Square Enix’ President has declared “the Japanese market is no longer sufficient,” and that they must succeed in the “global market.”

Source: Dragon Quest III HD-2D Remake (TBA), Square Enix


Matsuda reminded investors about the sale of Square Enix’ western studios and their IPs to the Embracer Group, asserting the aim “was to build stronger business foundations by revamping our portfolio of titles and studios, thereby enabling us to be selective and focused in leveraging our resources, as game development efforts become more sizable and sophisticated.”

What caught attention was the next paragraph, seemingly attempting to justify the company’s focus on the West. “Achieving major growth in the game industry is difficult now for companies that compete primarily in the Japanese market, given its graying demographics,” Matsuda explained.

Source: Crisis Core- Final Fantasy VII- Reunion (2022), Square Enix

“As such, it is critical for our business that we produce hit titles that speak to the global market, which offers greater scale in terms of both customers and sales volumes,” the company president promoted. “Furthermore, game development efforts are becoming more sizable and sophisticated as the result of technological advancements in the devices on which they are played, such as consoles or smart devices.”

“The investment required to develop game titles is therefore an order of magnitude greater than in the past.” Matsuda then made Square Enix’s thoughts and future aims plain.

“In other words, the Japanese market is no longer sufficient for achieving a level of earnings that enables us to recoup our development investment and generate a profit, and we therefore need to approach our development efforts based on the assumption that we have to succeed in the global market,” he insisted.

Source: 2022 Annual Report, Square Enix


Outriders was touted as Square Enix’s “next major franchise,” only to meet middling to poor reviews from players and critics. In August 2021, developer People Can Fly even claimed they hadn’t received their first royalties, possibly a sign it hadn’t been profitable in its first four months.

It was announced in November last year that Marvel’s Avengers resulted in a $48 million loss for the company, failing to offset its development costs. The following year, Matsuda admitted the game “produced a disappointing outcome, noting that the Games as a Service business approach “highlighted issues that we are likely to face in future game development efforts.”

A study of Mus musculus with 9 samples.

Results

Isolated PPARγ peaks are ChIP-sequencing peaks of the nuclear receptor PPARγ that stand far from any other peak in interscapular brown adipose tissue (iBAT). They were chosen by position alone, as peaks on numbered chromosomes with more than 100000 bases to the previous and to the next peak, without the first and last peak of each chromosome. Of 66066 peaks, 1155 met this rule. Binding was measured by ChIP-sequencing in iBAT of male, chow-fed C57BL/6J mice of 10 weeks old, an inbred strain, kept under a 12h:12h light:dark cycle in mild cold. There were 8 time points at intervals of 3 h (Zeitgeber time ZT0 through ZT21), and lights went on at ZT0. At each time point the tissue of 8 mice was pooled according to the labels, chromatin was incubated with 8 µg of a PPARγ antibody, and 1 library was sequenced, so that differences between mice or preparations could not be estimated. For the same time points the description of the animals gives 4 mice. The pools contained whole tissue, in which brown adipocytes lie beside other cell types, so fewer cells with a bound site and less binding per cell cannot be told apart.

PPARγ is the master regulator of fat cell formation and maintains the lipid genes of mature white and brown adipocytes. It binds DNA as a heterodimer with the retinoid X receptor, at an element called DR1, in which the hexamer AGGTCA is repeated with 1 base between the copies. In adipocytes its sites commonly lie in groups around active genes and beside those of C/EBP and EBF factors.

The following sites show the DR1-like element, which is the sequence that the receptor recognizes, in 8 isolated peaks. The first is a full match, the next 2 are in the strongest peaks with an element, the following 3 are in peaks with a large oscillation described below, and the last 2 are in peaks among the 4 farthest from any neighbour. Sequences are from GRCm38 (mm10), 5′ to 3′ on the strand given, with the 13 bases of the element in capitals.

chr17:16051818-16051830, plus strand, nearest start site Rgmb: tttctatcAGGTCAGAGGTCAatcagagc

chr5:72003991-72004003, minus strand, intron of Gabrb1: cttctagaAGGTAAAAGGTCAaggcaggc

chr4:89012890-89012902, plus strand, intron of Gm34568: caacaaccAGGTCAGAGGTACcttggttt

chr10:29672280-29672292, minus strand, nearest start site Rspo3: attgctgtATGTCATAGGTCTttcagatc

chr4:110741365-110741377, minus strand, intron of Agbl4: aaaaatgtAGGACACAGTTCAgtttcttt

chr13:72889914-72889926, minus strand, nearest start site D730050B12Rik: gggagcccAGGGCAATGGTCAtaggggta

Source: Marvel’s Avengers (2020), Square Enix

Even this year, Square Enix stated Marvel’s Guardians of the Galaxy “undershot our initial expectations” on launch. As such, it can feel like the Life is Strange series is Square Enix’s only success story of a title that both targeted and was developed for western audiences — though this would be an unfair generalization.

The news of Square Enix focusing on a global market may also be a surprise given Matsuda’s comments in April, though fitting given their context. In an interview Matsuda stated “Nowadays, the game market has become globalized […] The domestic [Japanese] market used to be large, but now it is spoiled next to China and the US.”

Source: Forspoken (2022), Square Enix

“If you are not recognized even globally, you cannot do business.” Matsuda however added “Interestingly, however, even if Japanese imitate western games, they will not be able to produce good ones. The drawings of monsters and the visual and audio effects are all somewhat Japanese. And players around the world know that [a given element] is what makes Japanese games good.”

“Overseas markets are important, but it is not enough to develop for them,” Matsuda stated. As such, will Square Enix’ “global market” focus mean they will still bring their Japanese charm? Or will it be hampered by their “ethics department” and censorship?